They're not the same thing, just very closely related. In practice, unless you want to specify a particular time to shutdown or to force an immediate unclean reboot/halt/poweroff, it really doesn't matter whether you run
shutdown -h or
shutdown -r vs
reboot. Things weren't so nicely convenient in the past, but this is the way it works now (a lot of the opportunities for ambiguity or user error have been removed/smoothed out).
/sbin/shutdown does a lot of "cleanup" stuff like notifying users, blocking new logins while the system is shutting down. It can also be told to shutdown the system at a certain time or in XX minutes - warning logged-in users every so often of the impending shutdown.
It also changes runlevel to
reboot) which triggers the system to stop the running services, unmount disks, etc in preparation for the actual halt, poweroff, or reboot.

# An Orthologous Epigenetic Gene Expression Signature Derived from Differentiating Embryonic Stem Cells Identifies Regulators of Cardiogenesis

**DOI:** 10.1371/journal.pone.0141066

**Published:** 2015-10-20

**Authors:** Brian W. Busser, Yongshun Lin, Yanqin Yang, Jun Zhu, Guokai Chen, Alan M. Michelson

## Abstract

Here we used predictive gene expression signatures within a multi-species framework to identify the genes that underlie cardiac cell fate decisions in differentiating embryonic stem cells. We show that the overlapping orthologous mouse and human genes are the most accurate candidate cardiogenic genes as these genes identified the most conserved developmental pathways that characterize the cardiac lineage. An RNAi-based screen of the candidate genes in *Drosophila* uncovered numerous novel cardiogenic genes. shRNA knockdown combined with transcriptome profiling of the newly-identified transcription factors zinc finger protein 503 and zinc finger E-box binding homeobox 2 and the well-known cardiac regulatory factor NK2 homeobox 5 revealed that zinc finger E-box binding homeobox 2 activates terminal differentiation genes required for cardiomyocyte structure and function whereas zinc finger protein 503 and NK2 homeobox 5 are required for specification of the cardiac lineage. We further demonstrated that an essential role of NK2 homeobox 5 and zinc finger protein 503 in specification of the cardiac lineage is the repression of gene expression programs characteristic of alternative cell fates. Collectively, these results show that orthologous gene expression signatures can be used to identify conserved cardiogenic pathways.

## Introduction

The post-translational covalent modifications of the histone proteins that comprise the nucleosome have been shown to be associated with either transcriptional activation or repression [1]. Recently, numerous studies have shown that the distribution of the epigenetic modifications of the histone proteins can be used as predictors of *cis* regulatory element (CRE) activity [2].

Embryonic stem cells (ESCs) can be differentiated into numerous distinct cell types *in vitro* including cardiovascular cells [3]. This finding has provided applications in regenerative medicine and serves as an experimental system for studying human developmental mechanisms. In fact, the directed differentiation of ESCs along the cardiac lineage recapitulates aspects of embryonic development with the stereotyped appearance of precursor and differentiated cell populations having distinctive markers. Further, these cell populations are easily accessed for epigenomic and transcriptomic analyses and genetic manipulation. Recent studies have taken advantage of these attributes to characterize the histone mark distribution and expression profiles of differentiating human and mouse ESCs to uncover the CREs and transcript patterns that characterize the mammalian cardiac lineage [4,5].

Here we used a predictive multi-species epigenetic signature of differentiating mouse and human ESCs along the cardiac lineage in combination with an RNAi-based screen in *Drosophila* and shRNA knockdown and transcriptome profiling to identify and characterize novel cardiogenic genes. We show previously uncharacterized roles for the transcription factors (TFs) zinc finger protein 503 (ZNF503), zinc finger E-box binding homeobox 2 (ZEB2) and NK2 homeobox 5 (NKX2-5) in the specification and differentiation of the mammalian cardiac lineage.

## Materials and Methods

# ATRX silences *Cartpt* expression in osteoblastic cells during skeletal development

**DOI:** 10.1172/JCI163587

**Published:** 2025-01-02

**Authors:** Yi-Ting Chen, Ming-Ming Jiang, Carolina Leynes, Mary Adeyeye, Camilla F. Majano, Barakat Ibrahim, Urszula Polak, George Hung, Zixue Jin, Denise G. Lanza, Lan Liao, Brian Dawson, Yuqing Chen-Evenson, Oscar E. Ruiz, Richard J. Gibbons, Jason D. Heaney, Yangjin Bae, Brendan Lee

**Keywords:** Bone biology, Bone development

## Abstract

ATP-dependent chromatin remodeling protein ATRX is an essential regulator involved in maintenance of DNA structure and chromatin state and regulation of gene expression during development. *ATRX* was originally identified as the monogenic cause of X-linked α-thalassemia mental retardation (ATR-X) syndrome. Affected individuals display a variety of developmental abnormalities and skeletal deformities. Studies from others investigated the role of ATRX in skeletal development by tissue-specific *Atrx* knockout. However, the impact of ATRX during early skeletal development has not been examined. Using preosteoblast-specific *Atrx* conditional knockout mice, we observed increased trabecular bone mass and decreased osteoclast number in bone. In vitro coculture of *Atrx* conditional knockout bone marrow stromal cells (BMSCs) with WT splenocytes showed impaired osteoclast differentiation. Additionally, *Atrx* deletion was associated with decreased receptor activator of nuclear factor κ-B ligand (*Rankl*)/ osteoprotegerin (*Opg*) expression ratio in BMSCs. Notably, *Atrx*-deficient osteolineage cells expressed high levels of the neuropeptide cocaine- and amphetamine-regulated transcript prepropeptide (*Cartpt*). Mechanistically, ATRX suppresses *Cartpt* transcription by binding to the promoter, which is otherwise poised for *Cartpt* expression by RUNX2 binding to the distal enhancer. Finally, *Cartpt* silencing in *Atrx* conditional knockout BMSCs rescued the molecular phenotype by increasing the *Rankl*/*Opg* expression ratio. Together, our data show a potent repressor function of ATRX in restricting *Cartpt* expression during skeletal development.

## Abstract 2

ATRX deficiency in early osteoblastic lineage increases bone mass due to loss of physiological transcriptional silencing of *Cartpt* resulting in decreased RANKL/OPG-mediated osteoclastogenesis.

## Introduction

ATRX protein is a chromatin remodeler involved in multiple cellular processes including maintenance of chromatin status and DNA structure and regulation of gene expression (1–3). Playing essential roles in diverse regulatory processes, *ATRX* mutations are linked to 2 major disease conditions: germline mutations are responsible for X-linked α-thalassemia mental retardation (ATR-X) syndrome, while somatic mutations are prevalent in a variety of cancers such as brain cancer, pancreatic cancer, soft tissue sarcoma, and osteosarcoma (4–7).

When all that is done, it then calls
poweroff are usually symlinks to
halt, which interprets them as
halt -r and
halt -P respectively).
Note, however, that if
poweroff is called when the system is NOT in runlevel
6 then they will call
shutdown to do its job unless the
force option is used.
(The details of how run-levels are interpreted may vary from distro to distro, but
6 are used as described here in Debian and Debian-derivatives like Ubuntu).
See the man pages for
halt for more info.
Finally, the distinction between
poweroff state is that
halt does everything up to actually powering the machine off (on some kinds of hardware this means it drops into a ROM bootloader or similar. On most PC hardware it just halts), while
poweroff completes that final step and switches off.
reboot, of course, gets to the halt state and then reboots the computer.
BTW, the default is typically to either
reboot, but you can use
-H as an argument to
shutdown to make it halt instead. This isn't very useful on PC-based linux boxes (but is useful on machines, like sparc boxes, that have a firmware boot monitor. It's possible it may become useful on newer machines with an EFI command line).